We’re huge fans of the Oxford Playhouse pantomime. For us it marks the start of Christmas and gets us in the mood for the mad weeks ahead. So we were a tad (OK, very) excited when we took our seats yesterday for the opening night of Beauty and the Beast. I found myself sitting next to a Slovenian lady who was enjoying her first pantomime. When she admitted her surprise at how many children were in the audience I immediately worried she wouldn’t enjoy this peculiarly British affair…..
Last year we thought the first half of Robin Hood didn’t quite live up to our incredibly high expectations. But this year the opening song ‘Happy’ immediately got the audience tapping their toes. It was a great song to kick off the show and set the scene for the rest of the performance.
I’m sure everyone knows the story of Beauty and the Beast so I won’t repeat it here. It did have the potential to be a little confusing, with dream characters and flashback scenes. However the cast and narrator did a good job of explaining the story, with lines like ‘so this is just a dream, it’s not real’.
The first half included an impressive circus set, with acrobatic skills on ropes and hoops. Tumbletoes, Beauty’s dog, rather strangely, became a pole dancing dog, who was able to slide down the pole head first and then come to an abrupt halt a few inches from the floor. However, the scene was stolen by the Dame and her son when they demonstrated their gymnastic ribbon skills (or lack of).
The outright star of the show was Dame Jolena Jollychops, played by Leon Craig. Lucky Jason in the front seats (insert another man’s name for future performances) became the butt of the Dame’s jokes and ended up on stage. The Dame managed to get an impromptu spotted dick joke in based on his outfit and generally enjoyed lots of banter with the audience; he really was superb.
There was a good choice of music throughout the panto, with something for everyone. According to my kids this included a couple of songs from Frozen which will definitely appeal to the younger audience members. Other songs were based on ‘Stay with me’, ‘How long will I love you’ and ‘The sun has got his hat on’.
The costumes and set scenery were excellent as always. Dame Jolena had a multitude of outfits (watch out for the stripy one and the feather head dress) and the beast’s costume was particularly realistic. So much so that his first appearance was accompanied by a poor kid in the audience bursting into terrified sobs!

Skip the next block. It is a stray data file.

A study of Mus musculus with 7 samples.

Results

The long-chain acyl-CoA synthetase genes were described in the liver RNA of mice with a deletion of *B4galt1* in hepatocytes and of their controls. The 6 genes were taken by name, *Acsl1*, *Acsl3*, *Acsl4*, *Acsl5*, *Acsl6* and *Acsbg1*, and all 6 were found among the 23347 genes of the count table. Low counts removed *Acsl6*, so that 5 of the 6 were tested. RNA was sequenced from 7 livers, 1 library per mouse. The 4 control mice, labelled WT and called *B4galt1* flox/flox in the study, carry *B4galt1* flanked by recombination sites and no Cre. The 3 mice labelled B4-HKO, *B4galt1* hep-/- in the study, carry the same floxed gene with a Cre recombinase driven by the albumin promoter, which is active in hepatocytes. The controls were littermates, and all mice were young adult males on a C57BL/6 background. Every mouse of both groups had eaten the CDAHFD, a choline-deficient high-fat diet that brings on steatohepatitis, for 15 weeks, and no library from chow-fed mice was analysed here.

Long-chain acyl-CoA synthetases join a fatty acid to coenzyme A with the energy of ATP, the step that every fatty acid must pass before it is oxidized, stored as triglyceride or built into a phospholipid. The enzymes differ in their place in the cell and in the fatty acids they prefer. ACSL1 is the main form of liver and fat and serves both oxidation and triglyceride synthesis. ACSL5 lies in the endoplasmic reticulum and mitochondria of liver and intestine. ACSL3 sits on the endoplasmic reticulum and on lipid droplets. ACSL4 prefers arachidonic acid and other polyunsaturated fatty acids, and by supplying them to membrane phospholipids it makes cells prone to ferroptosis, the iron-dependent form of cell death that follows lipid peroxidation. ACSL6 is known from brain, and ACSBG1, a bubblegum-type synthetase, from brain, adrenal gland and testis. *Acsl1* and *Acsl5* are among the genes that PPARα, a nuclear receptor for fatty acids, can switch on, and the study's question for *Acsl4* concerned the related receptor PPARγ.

The panto was again directed by Peter Duncan of Blue Peter/Chief Scout fame and I spotted him in the audience. There was a reference to Blue Peter badges, which probably passed by the kids, and lots of cheesy jokes. I won’t spoil things by including them here but I hope I remember them for the next time someone says ‘tell us a joke’. They were my kind of one liners.
The start of the second half was a cracker. A Bollywood dance scene, set to the music of Jai Ho, with the Dame as chief dancer. I wish this part could have been longer, it was certainly my highlight. Bollywood was followed by a Hollywood scene, in which my daughter thought the Dame was dressed as Miss Piggy, rather than (I presume) Marilyn Monroe.
The second half was full of the usual panto antics with the ‘it’s behind you’ farce, more Jason jokes and an audience singalong. Three children went up on stage, including a little girl in a pink dress. It was so funny when she said her nanny had bought the dress, although not the nanny in the audience. Dame Jolena had a field day with that remark! The only thing missing in the second half was the sweet throwing; not that we ever catch any, it’s just one of those panto traditions you expect.
If I’m being really picky, there were a couple of bits that didn’t work quite as well. A mechanical witches eye took on the part of the baddie, giving the audience something to boo at. However it would have been better if there was an actual person playing the baddie, as I found it quite hard to understand what it was saying. Secondly, Tumbletoes the dog was randomly accompanied by a musical clip-clopping whenever it did a tumble or handstand; this was a little annoying but seemed to stop after a while which I was glad of. But neither of these really impacted my enjoyment in any way.
And as for the Slovenian lady? Fortunately she loved the panto, even though she said it wasn’t quite what she was expecting. I heard a couple of other comments from people as they were leaving and they were all in agreement that this year’s pantomime is a classic. If you’ve already got tickets I hope you enjoy it. If not, buy some quick!
- The panto runs until 18 January 2015. Tickets are available from the Oxford Playhouse and range from £14.50 to £25.50.